NNDSS Helps Modernize Pregnancy Data
Experts from CDC’s National Center on Birth Defects and Development Disabilities support health departments to bring together data from multiple sources. These sources include case surveillance data from the National Notifiable Diseases Surveillance System (NNDSS) Bringing together multiple data sources helps experts to better understand the impact of COVID-19 on pregnant people and infants to guide public health action.
Using a system called Surveillance for Emerging Threats to Mothers and Babies Network (SET-NET), experts are gathering information on COVID-19 in pregnant people. The integration of data, such as COVID-19 case data, vital records and other data sources, into SET-NET helped determine risk factors for severe illness and death and adverse pregnancy outcomes of pregnant people with COVID-19. These data also inform messaging and guidance on how to prevent and treat COVID-19 among pregnant people.
Beyond the COVID-19 response, scientists are engaged in a leading-edge effort to identify opportunities to prevent and treat syphilis infections during pregnancy and understand the longer-term outcomes of infants born with and without congenital syphilis. Through a pilot effort with two state health departments, CDC merged NNDSS syphilis data on adults and infants to create a mother-baby-linked dataset for SET-NET. This effort can help to streamline reporting for health departments to identify parent-child pairs for surveillance. As we continue to face health threats, these efforts to improve data collection will help experts get information faster and better protect the nation.
CDC is at the forefront of modernizing public health data by linking information from different sources to answer important questions. In one effort, experts from CDC’s National Center on Birth Defects and Development Disabilities are working to bridge knowledge gaps by collaborating with health departments. This collaboration seeks to efficiently combine case surveillance data from the National Notifiable Diseases Surveillance System (NNDSS) with other data sources. This will help experts better understand the impact of COVID-19 on pregnant people and infants.
Improving Completeness of Data on COVID-19 and Pregnancy
In 2020, as COVID-19 cases escalated, pregnant people were found to be at higher risk for severe illness. Scientists quickly expanded a system already in place that uses data to identify the impact of health threats to pregnant people and their infants. The system, called the Surveillance for Emerging Threats to Mothers and Babies Network (SET-NET), supports information gathering by health departments working with CDC.
SET-NET originated from mother-infant linked surveillance established in 2016, when Zika became the first mosquito-borne virus known to cause birth defects. As SET-NET traces its beginnings to a public health emergency response, experts were ready to adapt the system to meet demands of the fast-evolving COVID-19 pandemic.
Experts quickly began working with epidemiologists to monitor existing COVID-19 data for cases among pregnant people. State and jurisdictional health departments voluntarily send case data to CDC through NNDSS, including information about pregnancy status. Early in the pandemic, pregnancy information often was incomplete. Through SET-NET, CDC worked with health departments to link data from disease surveillance, contact tracing, medical record review, laboratory testing, infant screenings, and birth records to get a clearer picture of COVID-19 on pregnancy and infant outcomes.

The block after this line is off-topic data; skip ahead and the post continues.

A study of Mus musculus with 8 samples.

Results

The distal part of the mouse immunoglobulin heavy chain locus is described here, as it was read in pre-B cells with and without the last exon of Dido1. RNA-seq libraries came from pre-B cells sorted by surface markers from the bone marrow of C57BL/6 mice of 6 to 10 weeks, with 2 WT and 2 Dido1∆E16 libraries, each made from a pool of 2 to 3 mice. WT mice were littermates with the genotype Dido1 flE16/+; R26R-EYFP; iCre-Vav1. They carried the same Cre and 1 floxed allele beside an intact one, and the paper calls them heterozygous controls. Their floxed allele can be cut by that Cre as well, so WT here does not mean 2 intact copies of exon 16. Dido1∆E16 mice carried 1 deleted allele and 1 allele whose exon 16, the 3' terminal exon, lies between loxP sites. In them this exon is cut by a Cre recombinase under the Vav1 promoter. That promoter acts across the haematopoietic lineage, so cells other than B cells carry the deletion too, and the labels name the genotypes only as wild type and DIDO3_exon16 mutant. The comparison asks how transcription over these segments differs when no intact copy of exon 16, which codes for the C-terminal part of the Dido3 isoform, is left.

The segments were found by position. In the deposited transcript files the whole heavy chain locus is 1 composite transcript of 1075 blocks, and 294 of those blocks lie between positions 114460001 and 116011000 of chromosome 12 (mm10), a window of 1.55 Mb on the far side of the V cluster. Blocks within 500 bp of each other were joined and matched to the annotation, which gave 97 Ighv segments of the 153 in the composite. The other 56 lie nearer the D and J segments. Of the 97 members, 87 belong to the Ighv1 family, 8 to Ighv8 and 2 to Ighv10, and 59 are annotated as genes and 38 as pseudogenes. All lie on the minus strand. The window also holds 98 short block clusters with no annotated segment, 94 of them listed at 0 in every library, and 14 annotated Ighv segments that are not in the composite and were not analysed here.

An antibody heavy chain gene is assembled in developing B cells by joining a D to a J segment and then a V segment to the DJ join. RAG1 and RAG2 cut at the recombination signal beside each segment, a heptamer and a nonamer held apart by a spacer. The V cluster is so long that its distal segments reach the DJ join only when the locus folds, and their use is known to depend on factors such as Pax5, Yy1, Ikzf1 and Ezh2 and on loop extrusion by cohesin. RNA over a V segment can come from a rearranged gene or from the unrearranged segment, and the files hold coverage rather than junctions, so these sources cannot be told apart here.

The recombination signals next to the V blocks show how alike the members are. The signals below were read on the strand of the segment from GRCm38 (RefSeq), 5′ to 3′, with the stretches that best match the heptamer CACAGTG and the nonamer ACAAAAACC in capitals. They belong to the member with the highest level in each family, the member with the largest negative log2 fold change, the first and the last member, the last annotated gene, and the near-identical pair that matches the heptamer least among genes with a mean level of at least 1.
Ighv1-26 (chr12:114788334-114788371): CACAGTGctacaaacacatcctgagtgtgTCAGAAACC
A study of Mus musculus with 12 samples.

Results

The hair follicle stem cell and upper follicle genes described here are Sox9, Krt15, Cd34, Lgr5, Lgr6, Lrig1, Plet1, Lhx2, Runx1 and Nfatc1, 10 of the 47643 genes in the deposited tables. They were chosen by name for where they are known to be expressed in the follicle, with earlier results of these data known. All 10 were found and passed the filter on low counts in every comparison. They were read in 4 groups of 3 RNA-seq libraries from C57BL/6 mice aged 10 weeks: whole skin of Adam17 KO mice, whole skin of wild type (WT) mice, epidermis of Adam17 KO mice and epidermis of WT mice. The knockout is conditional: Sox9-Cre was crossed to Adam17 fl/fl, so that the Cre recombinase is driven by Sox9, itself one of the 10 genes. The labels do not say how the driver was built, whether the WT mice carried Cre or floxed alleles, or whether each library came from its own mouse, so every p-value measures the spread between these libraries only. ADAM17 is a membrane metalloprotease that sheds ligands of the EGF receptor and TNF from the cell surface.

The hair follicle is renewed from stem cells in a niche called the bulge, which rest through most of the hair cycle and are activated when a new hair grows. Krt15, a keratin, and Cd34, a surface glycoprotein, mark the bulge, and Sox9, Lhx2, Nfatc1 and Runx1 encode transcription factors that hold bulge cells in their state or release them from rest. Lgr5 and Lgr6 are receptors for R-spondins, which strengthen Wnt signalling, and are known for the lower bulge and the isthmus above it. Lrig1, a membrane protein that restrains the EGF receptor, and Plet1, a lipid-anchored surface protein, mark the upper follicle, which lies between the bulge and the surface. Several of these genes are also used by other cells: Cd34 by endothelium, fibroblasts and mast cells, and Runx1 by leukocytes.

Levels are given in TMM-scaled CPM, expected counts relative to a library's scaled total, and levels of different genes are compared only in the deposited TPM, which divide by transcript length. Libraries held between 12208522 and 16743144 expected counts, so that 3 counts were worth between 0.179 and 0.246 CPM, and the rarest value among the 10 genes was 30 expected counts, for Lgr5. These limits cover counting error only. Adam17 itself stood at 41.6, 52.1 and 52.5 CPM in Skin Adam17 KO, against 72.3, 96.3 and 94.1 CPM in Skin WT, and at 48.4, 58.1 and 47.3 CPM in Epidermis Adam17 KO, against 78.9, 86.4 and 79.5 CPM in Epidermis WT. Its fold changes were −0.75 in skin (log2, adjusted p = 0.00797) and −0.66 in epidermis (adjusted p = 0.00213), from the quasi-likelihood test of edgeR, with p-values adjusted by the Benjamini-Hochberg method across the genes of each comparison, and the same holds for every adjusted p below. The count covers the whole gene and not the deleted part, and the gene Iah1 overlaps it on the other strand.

The collaboration between SET-NET and case data sent through NNDSS already has made an impact. The SET-NET data have helped determine risk factors for more severe illness during pregnancy and confirmed that pregnant people are at a higher risk for adverse birth outcomes from COVID-19. These findings have informed messaging and guidance on how to prevent and treat COVID-19 among pregnant people. For example, these data helped guide CDC recommendations that prioritized pregnant people for COVID-19 vaccines. SET-NET and NNDSS also collect information about demographic characteristics such as mothers’ race and ethnicity and age. These data give experts important insights about health equity among mothers and babies, including the higher burden of COVID-19 on Hispanic pregnant people.
Beyond the COVID-19 response, experts are using SET-NET to integrate data in other areas, including syphilis control and prevention. Health departments submit disease data to CDC through NNDSS. CDC uses the data and tools to merge and de-duplicate the information, making it quicker and easier for health departments to match data on the pregnant person and infant. CDC piloted the effort by partnering with health departments in Arizona and Georgia to link multiple syphilis reports among pregnant people with congenital syphilis cases in NNDSS from 2016–2021 to create a mother-baby dataset for SET-NET. The process is ongoing, and experts are now comparing the data with SET-NET submissions to determine the accuracy and completeness of the linkage.
Evaluating data completeness and streamlining work are just two ways experts are making strides toward data modernization in pregnancy reporting. They continue to work to standardize data elements across systems; improve collaboration among health departments, CDC programs, and other agencies; and build technical expertise by bringing informatics and other professionals onboard. As we continue to face health threats such as COVID-19, these efforts to improve data collection will help experts get information faster and better protect the nation.